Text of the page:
Transparency is a foundational principle of quality leadership in the modern office. Today's employees need to trust their bosses, not just blindly follow their orders. They want clear workplace expectations and avenues to improve their professional development. These workers want to invest in a cause - or person - they can believe in, not just punch the clock to earn a paycheck.
An important part of becoming and remaining a transparent leader is being open during a time of change. Whether good or bad, when corporate change occurs, your employees will look to you for support, guidance, and answers. How you respond to this will determine if you are truly transparent in your workplace.
Why should you be transparent?
There are positive company changes, such as onboarding new employees or rebranding, that may not dramatically alter your workers' lives. Meanwhile, a majority of business transitions are difficult or even negative. These may include mergers, layoffs, organizational restructuring, and office relocation. To help your team stay on the same page and to keep them from panicking during these troubling times, you must be transparent.
Essentially, transparent leaders are authentic leaders. Through embodying this belief, you can earn the respect of your boss, coworkers and employees. Not only will they recognize you as a strong leader, but they will know you are a person they can trust and lean on you during difficult times. Here are a few ways you can remain transparent during a workplace transition:
Be willing to listen.
You must be willing to listen to you employees if you hope to have an opportunity to be transparent. Instead of just telling your department what you know and then moving on, open the floor for questions and be frank in your response and concern. Even if you don't have all the answers, they will value the fact that you are taking time to listen to their worries and do your best to provide a comprehensive response. When workers are concerned about losing their jobs or responsibilities, they need a transparent leader who is wiling to listen and empathize.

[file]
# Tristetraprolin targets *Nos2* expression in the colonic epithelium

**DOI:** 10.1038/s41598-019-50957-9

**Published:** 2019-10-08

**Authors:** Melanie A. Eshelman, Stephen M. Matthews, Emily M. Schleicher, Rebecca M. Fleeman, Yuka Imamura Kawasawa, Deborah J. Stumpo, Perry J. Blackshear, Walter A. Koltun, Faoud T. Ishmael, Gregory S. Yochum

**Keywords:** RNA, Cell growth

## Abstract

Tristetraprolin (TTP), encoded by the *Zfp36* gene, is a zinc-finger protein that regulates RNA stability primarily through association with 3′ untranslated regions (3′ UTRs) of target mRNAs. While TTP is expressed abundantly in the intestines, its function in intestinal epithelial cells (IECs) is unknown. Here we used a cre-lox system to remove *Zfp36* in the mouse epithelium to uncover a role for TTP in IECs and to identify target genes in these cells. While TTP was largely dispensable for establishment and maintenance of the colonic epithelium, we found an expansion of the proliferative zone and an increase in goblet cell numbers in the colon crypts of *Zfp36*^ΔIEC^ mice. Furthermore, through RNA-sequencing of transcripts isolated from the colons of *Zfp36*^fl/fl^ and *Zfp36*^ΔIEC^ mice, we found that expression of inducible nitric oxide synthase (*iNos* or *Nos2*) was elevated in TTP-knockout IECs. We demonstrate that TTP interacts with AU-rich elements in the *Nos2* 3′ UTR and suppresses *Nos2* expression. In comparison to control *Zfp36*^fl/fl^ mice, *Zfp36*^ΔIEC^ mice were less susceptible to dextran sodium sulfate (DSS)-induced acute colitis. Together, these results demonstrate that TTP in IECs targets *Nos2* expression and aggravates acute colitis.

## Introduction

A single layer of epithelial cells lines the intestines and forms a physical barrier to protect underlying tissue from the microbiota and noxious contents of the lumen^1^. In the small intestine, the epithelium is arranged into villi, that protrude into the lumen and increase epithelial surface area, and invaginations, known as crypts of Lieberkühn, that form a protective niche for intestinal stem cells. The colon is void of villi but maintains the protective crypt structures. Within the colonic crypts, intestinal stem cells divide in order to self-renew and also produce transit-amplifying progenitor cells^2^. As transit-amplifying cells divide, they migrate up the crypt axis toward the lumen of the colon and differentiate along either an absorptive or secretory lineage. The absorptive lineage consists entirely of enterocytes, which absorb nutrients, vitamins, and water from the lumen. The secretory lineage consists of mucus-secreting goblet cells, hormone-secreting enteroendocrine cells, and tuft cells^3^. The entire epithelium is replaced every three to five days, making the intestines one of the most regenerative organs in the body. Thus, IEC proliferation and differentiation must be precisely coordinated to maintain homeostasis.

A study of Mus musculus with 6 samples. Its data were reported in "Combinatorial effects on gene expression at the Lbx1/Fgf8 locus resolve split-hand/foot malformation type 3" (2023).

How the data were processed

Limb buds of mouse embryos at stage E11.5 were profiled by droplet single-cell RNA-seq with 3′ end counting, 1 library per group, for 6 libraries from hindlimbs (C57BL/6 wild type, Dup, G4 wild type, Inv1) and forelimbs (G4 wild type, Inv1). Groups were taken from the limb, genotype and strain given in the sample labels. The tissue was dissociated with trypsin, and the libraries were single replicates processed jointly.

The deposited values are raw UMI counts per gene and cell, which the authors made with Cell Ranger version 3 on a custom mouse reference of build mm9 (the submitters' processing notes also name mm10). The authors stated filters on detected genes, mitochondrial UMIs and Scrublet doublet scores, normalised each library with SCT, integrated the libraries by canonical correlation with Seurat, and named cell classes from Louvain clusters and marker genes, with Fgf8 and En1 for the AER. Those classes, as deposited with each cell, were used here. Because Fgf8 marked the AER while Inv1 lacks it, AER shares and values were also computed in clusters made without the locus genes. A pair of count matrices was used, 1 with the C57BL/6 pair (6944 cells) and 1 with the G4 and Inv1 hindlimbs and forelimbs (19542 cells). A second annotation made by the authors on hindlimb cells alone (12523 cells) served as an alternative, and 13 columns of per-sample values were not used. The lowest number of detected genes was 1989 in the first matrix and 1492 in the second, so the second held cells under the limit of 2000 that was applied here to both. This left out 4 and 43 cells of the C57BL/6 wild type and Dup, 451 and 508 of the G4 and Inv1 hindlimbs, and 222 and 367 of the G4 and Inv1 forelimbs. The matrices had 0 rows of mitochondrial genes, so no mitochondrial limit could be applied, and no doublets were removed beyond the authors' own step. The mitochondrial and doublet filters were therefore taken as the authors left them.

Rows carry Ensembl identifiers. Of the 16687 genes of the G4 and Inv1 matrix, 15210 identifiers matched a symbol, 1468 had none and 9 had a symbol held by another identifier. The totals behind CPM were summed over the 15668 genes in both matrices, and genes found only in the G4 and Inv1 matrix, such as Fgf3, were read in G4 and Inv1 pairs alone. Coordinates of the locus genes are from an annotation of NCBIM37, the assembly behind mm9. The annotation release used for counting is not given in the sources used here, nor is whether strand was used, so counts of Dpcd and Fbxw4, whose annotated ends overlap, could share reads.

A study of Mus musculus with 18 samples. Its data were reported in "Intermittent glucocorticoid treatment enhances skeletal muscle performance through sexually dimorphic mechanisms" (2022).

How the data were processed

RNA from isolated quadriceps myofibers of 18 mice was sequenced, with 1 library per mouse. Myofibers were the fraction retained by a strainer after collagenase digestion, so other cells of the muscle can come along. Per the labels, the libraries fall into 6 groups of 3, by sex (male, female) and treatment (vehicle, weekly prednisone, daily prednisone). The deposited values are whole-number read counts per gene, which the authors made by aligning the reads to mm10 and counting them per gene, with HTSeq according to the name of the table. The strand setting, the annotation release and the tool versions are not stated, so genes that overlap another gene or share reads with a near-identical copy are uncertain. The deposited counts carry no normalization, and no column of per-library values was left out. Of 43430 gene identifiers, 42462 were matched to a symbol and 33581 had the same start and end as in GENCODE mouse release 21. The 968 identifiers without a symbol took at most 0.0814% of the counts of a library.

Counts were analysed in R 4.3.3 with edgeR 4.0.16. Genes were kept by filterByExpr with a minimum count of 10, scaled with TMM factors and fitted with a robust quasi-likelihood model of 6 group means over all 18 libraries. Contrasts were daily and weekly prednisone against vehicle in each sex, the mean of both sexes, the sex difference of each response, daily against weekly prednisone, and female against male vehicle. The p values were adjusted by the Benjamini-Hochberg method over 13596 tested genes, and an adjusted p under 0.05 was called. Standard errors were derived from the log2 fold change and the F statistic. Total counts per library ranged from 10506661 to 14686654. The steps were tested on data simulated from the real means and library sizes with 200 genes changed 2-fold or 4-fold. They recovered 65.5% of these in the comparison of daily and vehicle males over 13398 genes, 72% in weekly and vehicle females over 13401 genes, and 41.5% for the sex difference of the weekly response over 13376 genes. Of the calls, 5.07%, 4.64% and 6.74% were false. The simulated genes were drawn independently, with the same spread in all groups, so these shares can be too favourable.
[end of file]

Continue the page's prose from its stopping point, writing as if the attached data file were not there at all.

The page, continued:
Don't sugarcoat it - or dwell on the negative!
Don't tell them it will all be okay, if you know for a fact it will not. For example, if you know that there will be 10 percent cuts across you department, the last thing your employees need to hear is reassurance that their positions are secure. Therefore, don't sugarcoat bad situations, but also don't overwhelm them with negative information. Be frank about the situation your company or department is in and then encourage them to come to you individually if they have further questions. Though you may not be able to reveal everything that is going on due to corporate policy, you can make the process easier for them.
Stand strong by your decisions.
You may have to make unpopular decisions or enforce challenging policies at some point in your career. While you might not always agree with the decision, you should still be transparent about what you think is right. Otherwise, your employees will doubt your commitment to them and your department.
When difficult transitions occur, employees tend to react differently - sometimes in anger, sadness or panic. As a transparent leader, you must stand strong by you or your company's choices and be firm about any decision that you make. For example, layoffs are never easy, but they might be necessary during a company-wide recession. Don't draw out the headcount-reduction process, but don't waver on your resolve either.
Check out our course "Leading with Heart: How to Build Effective Teams" to learn more about being a transparent and effective leader. At ProSolutions Training, we offer online CDA training for interested professionals wishing to gain more knowledge about their field. Contact us today to learn more!